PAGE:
Kirsty Ward

...results can often be unexpected, I enjoy the surprise

by Karen Hodkinson
Dress like you’ve got something to say: Kirsty Ward’s designs are not for the shy and demure. Slightly masculine and embellished with bold jewellery, Ward’s sculptured aesthetic was honed and refined at Central Saint Martins where she went to study after completing a BA in womenswear in Manchester. Citing MA course director Louise Wilson as an influential mentor, Ward graduated with a distinction in 2008. Alberta Ferretti wasted no time at all in snapping her up to design for the brand in Italy. After a year and a half with Ferretti, Ward returned to London and collaborated with David Longshaw on the jewellery for his A/W2010 collection. Many fashion editors sat up and took notice of this rising talent. In 2010, Ward made her womenswear debut at the Vauxhall Fashion Scout Exhibition and her eponymous label was born.

How did you come to decide to launch your label in 2010? Did you consider working for other designers for a few more years?
I felt this was the right time to break out on my own. Working for other designers is great, but when you have a strong personal design handwriting it makes sense to say/do your own thing.

Tell me about your experience at Alberta Ferretti? What important lessons/advice did you learn?
I was an assistant designer at Alberta Ferretti and I did a lot of draping and embroidery. This job was really important to me as it was my first job in the industry, so I learnt a lot about how the business works.

What was it like launching your own label? What (or who) saw you through the whole process?
It's satisfying as I love having my own business and working for myself, but it’s still a learning process each season. It's great that my boyfriend (David Longshaw) also has his own womenswear label as we can bounce ideas off each other.

How did you come to the idea of incorporating jewellery into your designs?
I've always made jewellery as a hobby and I love the idea of merging the two, so it just kind of happened. It's a much more interesting and directional way of moving embroidery techniques forward.

As a womenswear and jewellery designer, is it difficult to change from one process to another? Do you think you could end up having to choose one over the other in the future?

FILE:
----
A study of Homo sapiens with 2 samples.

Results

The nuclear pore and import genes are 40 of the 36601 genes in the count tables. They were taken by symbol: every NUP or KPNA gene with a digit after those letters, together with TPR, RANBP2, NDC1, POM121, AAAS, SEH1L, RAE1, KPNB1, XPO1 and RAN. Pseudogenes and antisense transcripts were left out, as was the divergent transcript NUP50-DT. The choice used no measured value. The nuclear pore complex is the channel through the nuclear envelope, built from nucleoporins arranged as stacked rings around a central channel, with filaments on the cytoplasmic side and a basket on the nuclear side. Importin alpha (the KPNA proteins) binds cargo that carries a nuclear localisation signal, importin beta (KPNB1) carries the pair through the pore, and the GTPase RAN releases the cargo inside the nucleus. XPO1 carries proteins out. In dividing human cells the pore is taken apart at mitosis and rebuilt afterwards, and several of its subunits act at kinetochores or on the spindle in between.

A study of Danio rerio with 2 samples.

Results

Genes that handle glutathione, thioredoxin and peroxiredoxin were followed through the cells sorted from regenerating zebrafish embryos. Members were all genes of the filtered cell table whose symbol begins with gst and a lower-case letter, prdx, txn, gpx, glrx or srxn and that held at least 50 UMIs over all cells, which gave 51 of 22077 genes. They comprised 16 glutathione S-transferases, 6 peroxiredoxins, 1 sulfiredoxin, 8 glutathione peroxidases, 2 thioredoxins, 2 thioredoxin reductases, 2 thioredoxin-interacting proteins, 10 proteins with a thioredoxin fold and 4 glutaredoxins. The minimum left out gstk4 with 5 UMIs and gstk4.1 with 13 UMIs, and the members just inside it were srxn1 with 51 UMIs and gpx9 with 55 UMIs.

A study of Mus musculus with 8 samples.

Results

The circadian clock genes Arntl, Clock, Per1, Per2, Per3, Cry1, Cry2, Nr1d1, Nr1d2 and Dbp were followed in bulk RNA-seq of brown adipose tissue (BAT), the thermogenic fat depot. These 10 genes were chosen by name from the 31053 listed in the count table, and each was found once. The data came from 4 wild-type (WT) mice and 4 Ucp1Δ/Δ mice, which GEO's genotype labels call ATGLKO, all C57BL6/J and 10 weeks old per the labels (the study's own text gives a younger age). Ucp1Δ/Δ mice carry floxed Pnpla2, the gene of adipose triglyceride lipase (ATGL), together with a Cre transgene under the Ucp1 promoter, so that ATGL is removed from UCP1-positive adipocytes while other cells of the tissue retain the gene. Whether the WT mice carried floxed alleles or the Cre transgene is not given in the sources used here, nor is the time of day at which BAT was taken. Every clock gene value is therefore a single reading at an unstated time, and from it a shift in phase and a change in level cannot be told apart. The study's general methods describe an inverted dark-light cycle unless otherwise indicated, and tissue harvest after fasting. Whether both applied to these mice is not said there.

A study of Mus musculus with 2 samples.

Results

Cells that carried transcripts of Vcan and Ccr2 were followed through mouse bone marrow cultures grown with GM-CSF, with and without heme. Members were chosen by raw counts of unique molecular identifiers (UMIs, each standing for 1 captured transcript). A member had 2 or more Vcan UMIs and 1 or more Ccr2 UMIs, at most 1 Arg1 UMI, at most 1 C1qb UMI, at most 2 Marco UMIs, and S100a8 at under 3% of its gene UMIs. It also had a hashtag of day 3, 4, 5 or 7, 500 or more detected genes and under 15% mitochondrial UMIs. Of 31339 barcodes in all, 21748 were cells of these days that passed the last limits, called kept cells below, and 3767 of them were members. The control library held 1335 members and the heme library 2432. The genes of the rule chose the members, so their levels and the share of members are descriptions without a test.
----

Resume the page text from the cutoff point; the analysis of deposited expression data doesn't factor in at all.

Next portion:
It's actually nice to switch between the two and have a break from one or the other. I hope I don't ever have to choose as I love both of the processes and its end results equally.

Could you describe your creative process? And do you enjoy it?
I really enjoy the process. I like developing my collections from season to season, adding new elements along the way. I like to work in 3D as it’s a much more natural and less contrived way for me to work. I will start with making small samples and construction ideas, these all get stuck on my inspiration wall and then they grow from an idea into a toile then into a finished garment. I also use a lot of experimental pattern cutting as this is a much more enjoyable way for me to work. Although the results can often be unexpected, I enjoy the surprise.

What inspires you?
I love hardware shops, experimental cutting, merging traditional jewellery elements with embroideries, and menswear construction/detailing.

When you design, whom do you have in mind?
I have an idea of a woman, but no-one specific. To be honest I love seeing my stuff on an everyday girl on the street.

What was your childhood like? How did you decide to be a designer?
I always loved making things - especially clothes - so becoming a designer was just a natural progression. I went to study for my BA in Manchester because the course was quite technical and hands-on with the construction side of things, so I learnt the craft here and went on to the womenswear MA at Central St Martins to hone the design and creativity side of things.

Do you have a role model? Someone you have always aspired to be?
No, I don't have a role model - there are lots of inspirational women out there but sometimes it’s nice to go your own way.

How important are mentors for young designers?
Mentors are important, as they are people to learn from and help evolve your taste levels. Louise Wilson, the MA course director at Central Saint Martins was a huge inspiration to me whilst I was studying for my MA.

What do you find most challenging as a young designer?
To be honest, it’s the lack of financial backing.

What advice do you have for aspiring designers?
Just keep on working and developing your own ideas - don't copy other people, as it’s your ideas that make you interesting and unique.

What’s your greatest achievement so far?
There's not really one achievement but a cluster: being picked as one of Selfridges 'Bright Young Things' in January 2011, being nominated for a 2011 WGSN Global Fashion Award and being named by Elle and Vogue as a rising star of 2011.